Every stamp has a story I recently researched four stamps which were part of a set in my collection from Latvia. The stamps depicted a warrior with sword and shield, slaying a dragon. The picture I initially assumed was St George slaying the dragon but this turned out to be incorrect.

Latvia-16-12-1919.1 Latvia-16-12-1919.1

The stamps were issued in December 1919 to commemorate the defeat of the joint Russian-German forces, the so called "West Russian Army" under the command of Colonel Pavel Bermont-Avalov, and liberating the province of Kurzeme (Courland).

The Bermont-Avalov forces, the dragon in this case, moved against Riga on October 8th, 1919, and reached the Daugava River, the Latvians, the warrior, defended the city from the right bank. French and British warships bombarded the Bermont forces on October 15th, and on November 3rd the Latvians began to counterattack. By November 10th the Bermont Army had retreated to Jelgava and was subsequently evacuated to Germany, hence the warrior killing the dragon.

The designer of the stamps was Rihards Karlis Valdemars Zarins (1869 -1939), a prominent Latvian graphic artist. He graduated in 1895 from the Stieglitz Central School for Technical Drawing in St Petersburg and went on to further studies in Berlin, Munich, Vienna, where he studied lithography, and then Paris, where he further developed his skills in watercolour and pastels.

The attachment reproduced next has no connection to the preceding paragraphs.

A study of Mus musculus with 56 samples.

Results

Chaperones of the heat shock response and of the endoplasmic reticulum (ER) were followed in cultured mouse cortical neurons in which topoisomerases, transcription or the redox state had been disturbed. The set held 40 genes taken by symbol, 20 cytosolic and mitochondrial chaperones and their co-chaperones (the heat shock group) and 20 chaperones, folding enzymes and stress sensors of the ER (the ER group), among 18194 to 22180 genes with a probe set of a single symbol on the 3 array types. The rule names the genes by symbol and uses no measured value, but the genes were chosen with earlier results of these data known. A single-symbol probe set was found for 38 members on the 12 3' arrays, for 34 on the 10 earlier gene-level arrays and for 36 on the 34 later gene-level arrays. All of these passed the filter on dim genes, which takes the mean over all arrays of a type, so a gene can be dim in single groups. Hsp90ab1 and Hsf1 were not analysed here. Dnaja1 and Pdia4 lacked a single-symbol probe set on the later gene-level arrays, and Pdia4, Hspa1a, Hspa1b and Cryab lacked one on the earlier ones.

In 1899 he was employed by the Russian Imperial Printing Office in St. Petersburg for 20 years, acting as technical director from 1905. In 1919, he returned to newly independent Latvia where he was appointed director of the government printing house. He held that position for over 14 years and retired at the beginning of 1934. During his career he designed many stamps of the Russian Empire, Soviet Russia, Belarusian People’s Republic, and Latvia. I look forward to identifying more.

The set consists of four denominations: 10 kap; 25 Kap; 35 Kap; 1 Rublis. The impression of the stamp is 25 x 37mm and the perforated stamp size is approximately. 29 x 41mm.

Denomination, Date of issue, Quantities issued, Quantity sold, Surcharge, Date of issue, Quantity,
10 Kap., December 16th 1919, 2996280, 2014530, 2 Rubli, February 11 1921, 981750,

25 Kap. December 23rd. 1919 3,007,515 1,519,653 2 Rubli February 8th, 1921 1,488,800
35 Kap. January 5th, 1920 2,998,200 691,635 1 Rublis December 15th, 1920 1,306,980
1 Rublis January 5th, 1920 1,005,290 all sold

It was during my research I came across a website that suggested that these stamps were abundantly forged by the Estonian forgers Oswald Siimson and Herbert Kull. There is a simple method to identify the forgeries in that the genuine stamp does not have a pronounced ‘Y’ shape in the crease of the arm holding the shield or an inverted ‘V’ shape in the crease of the leg.

I looked closely at my stamps pictured and I realise that they are indeed all forgeries!